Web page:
As a woman who absolutely dreads the idea of that “check engine” light in the dash, and after some pretty hellish experiences with every vehicle I’ve ever owned, I’ve vowed that when God blesses me with a few more coins, one of the first things I’m going to invest in is a driver. No lie.
But until that day comes, I’ll just be looking for better ways to not get swindled at the auto repair shop.
Patrice Banks, mechanic and creator of the Girls Auto Clinic, has helped me immensely. I met Patrice while perusing through some posts in a Facebook group I’m apart of. I saw her plugging her business and thought: I MUST TALK TO THIS PERSON!
After all, how many female mechanics do you know?
That’s what I thought.
So, I messaged her and asked to interview her for an article for BlackEnterprise.com as a way to highlight innovative women entrepreneurs during Women’s History Month.
After managing to get our schedules to sync, Patrice and I spoke over the phone for nearly three hours.
Her passion, charisma and determination were contagious. She spoke so enthusiastically about her visions, dreams and plans for Girls Auto Clinic, all while recalling how, just a few years ago, she didn’t know she’d be in this position.
And I couldn’t get enough. She was on to something.
As a former, self-professed “auto airhead,” Patrice became frustrated with the ways women (included herself) are treated in the auto industry, despite the fact that the majority of drivers in the US alone are women who pour $200 billion in the auto industry.
We’re all familiar with how male-centric the auto industry is at every touch point and women are actively discouraged from participating.
Marketing tells men they can get the performance, agility and sleekness of Porsches, Lambourghinis, and Corvettes as toys and what do we get marketed? A minivan. For the kids. For safety. For soccer games and groceries.
In fact, on the daily, we’re the victims of needless upselling, sleezy used car salesman tactics, all the while being in total oblivion about our own vehicles.
Patrice decided she was going to take matters into her own hands – literally. She decided that she’d create a place where women can feel comfortable, empowered and educated around cars instead of feeling inferior, fearful and helpless around them. So, she enrolled in classes to become a mechanic and auto technician. In fact, she was so passionate about her vision, that she worked as an apprentice for a couple of auto repair shops for free.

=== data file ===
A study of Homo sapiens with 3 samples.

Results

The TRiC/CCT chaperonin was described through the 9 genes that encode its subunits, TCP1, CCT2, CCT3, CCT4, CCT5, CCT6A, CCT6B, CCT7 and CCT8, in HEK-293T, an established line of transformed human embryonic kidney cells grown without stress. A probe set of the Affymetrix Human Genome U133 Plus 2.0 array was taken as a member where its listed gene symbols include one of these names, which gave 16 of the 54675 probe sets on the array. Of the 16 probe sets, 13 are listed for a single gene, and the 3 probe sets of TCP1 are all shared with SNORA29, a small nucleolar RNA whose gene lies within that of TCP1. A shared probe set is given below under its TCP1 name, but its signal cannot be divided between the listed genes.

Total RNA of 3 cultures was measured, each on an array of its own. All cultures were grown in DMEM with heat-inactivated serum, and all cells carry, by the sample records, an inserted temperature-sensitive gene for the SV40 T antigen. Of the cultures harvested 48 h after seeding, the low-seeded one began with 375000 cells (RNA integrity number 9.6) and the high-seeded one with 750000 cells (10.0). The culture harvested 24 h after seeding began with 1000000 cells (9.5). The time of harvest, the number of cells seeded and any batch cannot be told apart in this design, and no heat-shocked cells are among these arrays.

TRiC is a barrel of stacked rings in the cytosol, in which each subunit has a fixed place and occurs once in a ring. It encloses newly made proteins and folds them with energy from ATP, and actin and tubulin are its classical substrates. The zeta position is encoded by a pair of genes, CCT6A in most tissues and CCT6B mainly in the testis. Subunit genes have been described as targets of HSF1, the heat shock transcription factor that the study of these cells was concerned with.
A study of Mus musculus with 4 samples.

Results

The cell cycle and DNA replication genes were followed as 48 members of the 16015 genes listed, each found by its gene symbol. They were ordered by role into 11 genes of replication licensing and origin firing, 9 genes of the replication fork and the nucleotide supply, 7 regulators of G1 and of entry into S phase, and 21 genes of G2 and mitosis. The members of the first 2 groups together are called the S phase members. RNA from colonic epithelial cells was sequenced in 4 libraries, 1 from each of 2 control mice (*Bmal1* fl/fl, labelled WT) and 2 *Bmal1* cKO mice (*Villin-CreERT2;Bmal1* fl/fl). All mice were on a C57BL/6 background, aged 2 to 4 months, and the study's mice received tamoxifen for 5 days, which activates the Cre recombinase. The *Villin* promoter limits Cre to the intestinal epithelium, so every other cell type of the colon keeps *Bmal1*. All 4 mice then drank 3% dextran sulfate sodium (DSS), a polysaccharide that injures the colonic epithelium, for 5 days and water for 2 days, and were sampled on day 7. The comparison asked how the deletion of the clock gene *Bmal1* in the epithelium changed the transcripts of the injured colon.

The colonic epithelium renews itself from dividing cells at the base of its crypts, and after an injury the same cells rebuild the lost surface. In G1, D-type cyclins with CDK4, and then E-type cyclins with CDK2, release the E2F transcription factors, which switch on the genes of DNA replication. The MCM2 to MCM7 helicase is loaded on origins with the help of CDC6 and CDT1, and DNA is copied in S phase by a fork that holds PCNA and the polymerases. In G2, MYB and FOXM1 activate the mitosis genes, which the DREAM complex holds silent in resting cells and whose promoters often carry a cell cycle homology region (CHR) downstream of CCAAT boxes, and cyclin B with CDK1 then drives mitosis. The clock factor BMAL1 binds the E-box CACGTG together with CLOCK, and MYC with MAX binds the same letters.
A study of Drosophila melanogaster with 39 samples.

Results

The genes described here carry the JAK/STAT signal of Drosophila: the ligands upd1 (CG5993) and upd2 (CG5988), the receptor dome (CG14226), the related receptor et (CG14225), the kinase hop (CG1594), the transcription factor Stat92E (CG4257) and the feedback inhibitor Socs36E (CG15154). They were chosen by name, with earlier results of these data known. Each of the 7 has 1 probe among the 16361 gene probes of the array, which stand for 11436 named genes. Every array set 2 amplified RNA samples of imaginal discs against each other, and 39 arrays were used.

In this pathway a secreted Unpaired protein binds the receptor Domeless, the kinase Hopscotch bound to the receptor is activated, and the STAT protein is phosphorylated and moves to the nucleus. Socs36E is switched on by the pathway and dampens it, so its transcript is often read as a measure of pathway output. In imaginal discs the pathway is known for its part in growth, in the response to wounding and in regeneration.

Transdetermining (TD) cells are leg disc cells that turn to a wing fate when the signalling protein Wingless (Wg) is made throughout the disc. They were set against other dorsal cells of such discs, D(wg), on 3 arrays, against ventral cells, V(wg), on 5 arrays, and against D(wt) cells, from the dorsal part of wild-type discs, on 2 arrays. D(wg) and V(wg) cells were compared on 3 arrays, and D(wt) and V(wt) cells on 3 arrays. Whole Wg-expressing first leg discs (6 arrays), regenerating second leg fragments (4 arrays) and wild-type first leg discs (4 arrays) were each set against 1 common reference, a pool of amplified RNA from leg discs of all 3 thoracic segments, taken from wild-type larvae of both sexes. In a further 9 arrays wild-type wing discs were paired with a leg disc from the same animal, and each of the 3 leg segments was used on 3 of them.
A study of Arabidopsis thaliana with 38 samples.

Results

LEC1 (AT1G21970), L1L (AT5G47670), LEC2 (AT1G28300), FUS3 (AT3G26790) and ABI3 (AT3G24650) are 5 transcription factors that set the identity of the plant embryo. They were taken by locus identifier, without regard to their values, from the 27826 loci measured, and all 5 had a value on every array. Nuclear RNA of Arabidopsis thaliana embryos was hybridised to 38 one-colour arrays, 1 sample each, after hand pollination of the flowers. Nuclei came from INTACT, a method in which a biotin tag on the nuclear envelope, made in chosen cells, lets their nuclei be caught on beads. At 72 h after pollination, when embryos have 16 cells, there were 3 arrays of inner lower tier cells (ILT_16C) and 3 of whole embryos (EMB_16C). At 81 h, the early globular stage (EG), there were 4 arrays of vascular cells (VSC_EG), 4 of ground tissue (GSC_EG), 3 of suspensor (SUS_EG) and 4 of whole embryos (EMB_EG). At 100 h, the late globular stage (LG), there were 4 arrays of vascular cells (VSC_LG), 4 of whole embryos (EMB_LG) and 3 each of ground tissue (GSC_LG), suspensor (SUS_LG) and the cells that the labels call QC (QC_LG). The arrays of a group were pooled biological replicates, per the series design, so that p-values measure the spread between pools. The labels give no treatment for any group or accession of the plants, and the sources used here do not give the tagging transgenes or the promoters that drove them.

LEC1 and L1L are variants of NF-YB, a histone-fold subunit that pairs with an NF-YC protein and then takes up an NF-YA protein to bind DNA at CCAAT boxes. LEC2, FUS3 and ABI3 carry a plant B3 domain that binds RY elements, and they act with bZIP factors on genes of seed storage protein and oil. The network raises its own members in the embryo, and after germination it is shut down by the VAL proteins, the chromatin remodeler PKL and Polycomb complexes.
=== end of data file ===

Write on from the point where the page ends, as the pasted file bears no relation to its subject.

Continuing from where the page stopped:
What’s more, so dedicated to perfecting her skills, she decided to sell her late model car for a hoopty on Craig’s list.
Patrice was my kinda woman. Fierce. Determined. Empowered.
She’s so committed to empowering and educating women about their vehicles that she free holds monthly auto workshops where she encourages women to get under the hood of their cars and learn the things necessary to preserve the health of their vehicles – like true #SheCanics ought to.
For those who can’t make it to Philly where she holds these workshops, you can buy her book, The Girls Auto Clinic Glovebox Guide. I have it and it’s my go-to manual for all my basic car care and maintenance.
Why? Because Patrice speaks to us in ways we can relate and she demystifies the repair and maintenance process, telling you which lights mean what and how you should prioritize repairs on your car (because sometimes that budget doesn’t allow for full repairs!)
But Patrice doesn’t just want to stop at monthly workshops or glovebox guides.
So, she needs your help. She’s launched a crowdfunding campaign to bring awareness around this vision, which can be found here.
And let me tell you, Patrice is the real deal. Our conversation was so rich and timely. In fact, I was going through another car woe during the time I spoke to her and she talked me through everything I needed to do and urged me to address the problem ASAP, instead of ignoring it (like some of us can do).
This is perhaps one of my favorite stories I’ve written for BlackEnterprise. Everything I’ve said here is only the tip of the iceberg to Patrice’s inspiring story. So, you should go check out the full article, here!
And again, please consider supporting Patrice’s vision for creating a brick and mortar home for Girls Auto Clinic.
What better way to close out Women’s History Month?